The secretive Fed technology, that fakes call towers to spy on people, might be disrupting mobile coverage for others.
I’ve posted before about the mysterious “Stingray” technology that intercepts the phones of selected targets, fooling it into thinking it is connecting to a legitimate phone tower. In fact, a prosecutor’s case was recently tossed because the police had used this technology, but the prosecutor did not want to acknowledge it in court. Our Federal rulers don’t want any acknowledgement of the use of Stingray on the record. This is a problem since the way evidence is gathered is not supposed to be secret at trial.
Now, it turns out that, in addition to the other legal and privacy issues, Stingray is victimizing people who are not even the targets of the surveillance. According to The Week,
As the ACLU notes, stingrays “also gather information about the phones of countless bystanders who happen to be nearby,” which means police could be keeping tabs on your location and other info, sans warrant.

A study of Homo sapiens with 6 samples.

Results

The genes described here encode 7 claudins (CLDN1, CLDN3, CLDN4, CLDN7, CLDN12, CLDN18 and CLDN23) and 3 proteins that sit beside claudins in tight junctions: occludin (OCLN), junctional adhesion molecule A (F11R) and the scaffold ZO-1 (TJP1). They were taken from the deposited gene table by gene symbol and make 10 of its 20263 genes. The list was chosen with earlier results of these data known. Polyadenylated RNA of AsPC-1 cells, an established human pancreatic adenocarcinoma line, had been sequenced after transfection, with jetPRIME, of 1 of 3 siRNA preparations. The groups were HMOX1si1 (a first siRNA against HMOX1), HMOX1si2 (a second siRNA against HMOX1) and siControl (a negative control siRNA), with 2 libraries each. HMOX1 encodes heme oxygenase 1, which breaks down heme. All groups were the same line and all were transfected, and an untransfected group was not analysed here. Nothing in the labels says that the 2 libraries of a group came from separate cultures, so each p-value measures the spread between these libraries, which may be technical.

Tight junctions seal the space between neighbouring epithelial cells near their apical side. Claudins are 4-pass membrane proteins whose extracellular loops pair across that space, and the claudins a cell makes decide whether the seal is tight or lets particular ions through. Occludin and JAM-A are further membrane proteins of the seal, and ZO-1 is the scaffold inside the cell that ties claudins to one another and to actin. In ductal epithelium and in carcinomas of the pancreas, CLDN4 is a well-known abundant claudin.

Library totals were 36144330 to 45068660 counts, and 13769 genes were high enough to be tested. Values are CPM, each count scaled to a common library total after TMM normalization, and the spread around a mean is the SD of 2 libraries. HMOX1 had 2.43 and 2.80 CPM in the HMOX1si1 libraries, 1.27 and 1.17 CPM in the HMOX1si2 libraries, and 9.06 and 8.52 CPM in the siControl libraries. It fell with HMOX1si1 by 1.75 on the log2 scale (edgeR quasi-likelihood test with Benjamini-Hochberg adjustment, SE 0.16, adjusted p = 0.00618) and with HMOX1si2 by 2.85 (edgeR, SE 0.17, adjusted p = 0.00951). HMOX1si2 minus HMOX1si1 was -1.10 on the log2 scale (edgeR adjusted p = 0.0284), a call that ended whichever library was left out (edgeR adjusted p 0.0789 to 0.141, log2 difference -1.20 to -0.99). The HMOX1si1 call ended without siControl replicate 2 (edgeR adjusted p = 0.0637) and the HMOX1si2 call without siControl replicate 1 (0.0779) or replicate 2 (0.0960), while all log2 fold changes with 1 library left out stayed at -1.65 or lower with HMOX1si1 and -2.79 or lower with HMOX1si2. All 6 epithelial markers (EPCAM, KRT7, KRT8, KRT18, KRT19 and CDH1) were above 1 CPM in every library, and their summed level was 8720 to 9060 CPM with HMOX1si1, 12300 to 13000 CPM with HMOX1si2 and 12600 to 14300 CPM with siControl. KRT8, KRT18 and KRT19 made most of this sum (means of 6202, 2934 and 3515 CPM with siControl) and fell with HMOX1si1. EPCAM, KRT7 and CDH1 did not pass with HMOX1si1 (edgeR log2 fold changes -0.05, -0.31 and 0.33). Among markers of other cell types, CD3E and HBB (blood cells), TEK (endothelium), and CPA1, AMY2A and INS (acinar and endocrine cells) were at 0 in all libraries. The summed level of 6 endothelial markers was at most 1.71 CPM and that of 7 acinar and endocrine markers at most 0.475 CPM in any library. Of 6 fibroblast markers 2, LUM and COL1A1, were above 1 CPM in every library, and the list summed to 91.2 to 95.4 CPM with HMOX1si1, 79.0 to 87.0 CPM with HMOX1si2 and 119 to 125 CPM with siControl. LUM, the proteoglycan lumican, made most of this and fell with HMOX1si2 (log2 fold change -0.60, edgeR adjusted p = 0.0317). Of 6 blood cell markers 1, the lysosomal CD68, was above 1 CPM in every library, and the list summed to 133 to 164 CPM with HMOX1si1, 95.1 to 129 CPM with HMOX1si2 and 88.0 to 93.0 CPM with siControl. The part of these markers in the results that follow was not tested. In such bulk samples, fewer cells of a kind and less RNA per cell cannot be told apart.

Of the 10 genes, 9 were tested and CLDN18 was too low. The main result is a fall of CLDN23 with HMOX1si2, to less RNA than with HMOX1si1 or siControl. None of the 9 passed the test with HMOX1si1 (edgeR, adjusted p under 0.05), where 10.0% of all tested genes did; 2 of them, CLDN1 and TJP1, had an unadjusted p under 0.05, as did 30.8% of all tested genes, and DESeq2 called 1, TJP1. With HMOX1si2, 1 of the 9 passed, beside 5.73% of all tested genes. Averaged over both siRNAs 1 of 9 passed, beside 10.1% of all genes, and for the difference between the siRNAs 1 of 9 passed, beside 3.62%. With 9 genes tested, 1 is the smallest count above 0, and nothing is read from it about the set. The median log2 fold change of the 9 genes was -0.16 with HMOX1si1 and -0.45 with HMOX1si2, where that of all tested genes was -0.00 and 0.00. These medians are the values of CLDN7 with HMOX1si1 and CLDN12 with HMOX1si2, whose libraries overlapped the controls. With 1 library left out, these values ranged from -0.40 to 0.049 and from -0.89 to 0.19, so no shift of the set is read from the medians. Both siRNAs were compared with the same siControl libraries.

Now, a newly released document indicates that the local reach of the devices may be interfering with cell service, too. Because of how the stingray functions, “its use has the potential to intermittently disrupt cellular service to a small fraction of Sprint’s wireless customers within its immediate vicinity,” wrote FBI Special Agent Michael A. Scimeca.
“If an emergency or important/urgent call (to a doctor, a loved one, etc.) is blocked or dropped by this technology,” says the ACLU’s Nate Wessler, “that’s a serious problem.”
Someone might argue that this disruption is insignificant compared to the importance of the police investigation. But that is impossible to argue in the abstract. Prosecutors and investigators are always going to believe that their investigations are more important than other people trying to communicate on their mobile phones at any given time. Furthermore, since their careers are furthered by closing cases, they have every personal reason to inflate the importance of the work they are doing.
Disrupting mobile coverage is effectively a form of commandeering someone’s property without notice or permission to do so. In other words, it is stealing.
Even if lawmakers want to permit the practice, they ought to write out statutes that guide the practice and limit it, rather than simply doing it without any lawful permission.